Going past your due date is a good indicator that your womb is so warm and cozy, that your baby just doesn't want to leave. I mean, who can blame your little one for wanting to stay put? But the time comes when baby must come into the world, which could involve medical intervention. Pregnant women are often given synthetic hormones to help kickstart labor, and although this may help to move things along, moms can't help but wonder how does Pitocin affect their baby later in life? Because if the outcome is too risky, it might be better to let nature run it's course instead of trying to induce.
According to Healthline, pitocin is the synthetic version of oxytocin, a hormone that helps to stimulate contractions when given to pregnant women. This drug, given by IV during labor, has been used for years to speed up the delivery process. But as labor nurse Jeanne Faulkner said in an article for Fit Pregnancy magazine, studies are finding there may be more downsides to administering Pitocin than medical professionals once believed. This new information has the labor and delivery community second-guessing the trustworthiness of this standard drug as more is discovered about the connections between the use of Pitocin and adverse reactions in infants.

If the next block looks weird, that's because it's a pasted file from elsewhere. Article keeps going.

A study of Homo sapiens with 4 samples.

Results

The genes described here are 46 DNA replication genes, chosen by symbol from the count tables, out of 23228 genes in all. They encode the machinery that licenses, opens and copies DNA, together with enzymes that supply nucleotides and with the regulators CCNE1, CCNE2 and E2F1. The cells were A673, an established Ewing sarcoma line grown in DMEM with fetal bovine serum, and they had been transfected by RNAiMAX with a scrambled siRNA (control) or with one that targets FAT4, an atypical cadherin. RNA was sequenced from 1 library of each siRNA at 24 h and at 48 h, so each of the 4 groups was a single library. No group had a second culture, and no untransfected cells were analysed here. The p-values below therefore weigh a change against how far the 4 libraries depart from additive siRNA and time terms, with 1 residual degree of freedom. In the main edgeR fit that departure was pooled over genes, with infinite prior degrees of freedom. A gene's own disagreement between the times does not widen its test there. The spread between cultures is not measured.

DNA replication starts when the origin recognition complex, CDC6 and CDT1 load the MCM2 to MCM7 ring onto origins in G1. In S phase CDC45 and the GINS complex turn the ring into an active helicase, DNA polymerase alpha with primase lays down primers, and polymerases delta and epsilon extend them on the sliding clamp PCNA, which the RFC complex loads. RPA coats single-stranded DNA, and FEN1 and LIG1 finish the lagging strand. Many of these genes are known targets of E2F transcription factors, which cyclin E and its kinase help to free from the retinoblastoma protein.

Research presented at the Annual Clinical Meeting of The American College of Obstetricians and Gynecologists showed that infants who's mother received Pitocin during childbirth had more unexpected admission to the NICU as well as low Apgar scores. And it's that low score that could be the connection between Pitocin and long term health effects.
Additionally, a study published in the journal BMC Pregnancy and Childbirth found that certain indicators of neurologic disability and cognitive function in early adulthood related to low Apgar scores. However, much more evidence is needed before a conclusive link can be made exclusive to other risk factors.
Although most of the side effects to Pitocin are prevalent in the short term period after delivery, there could be more long term effects that are not yet known. But as the evidence grows for using caution in the amount of Pitocin given during labor, it looks hopeful that more conclusions of how this affects babies later in life will be discovered.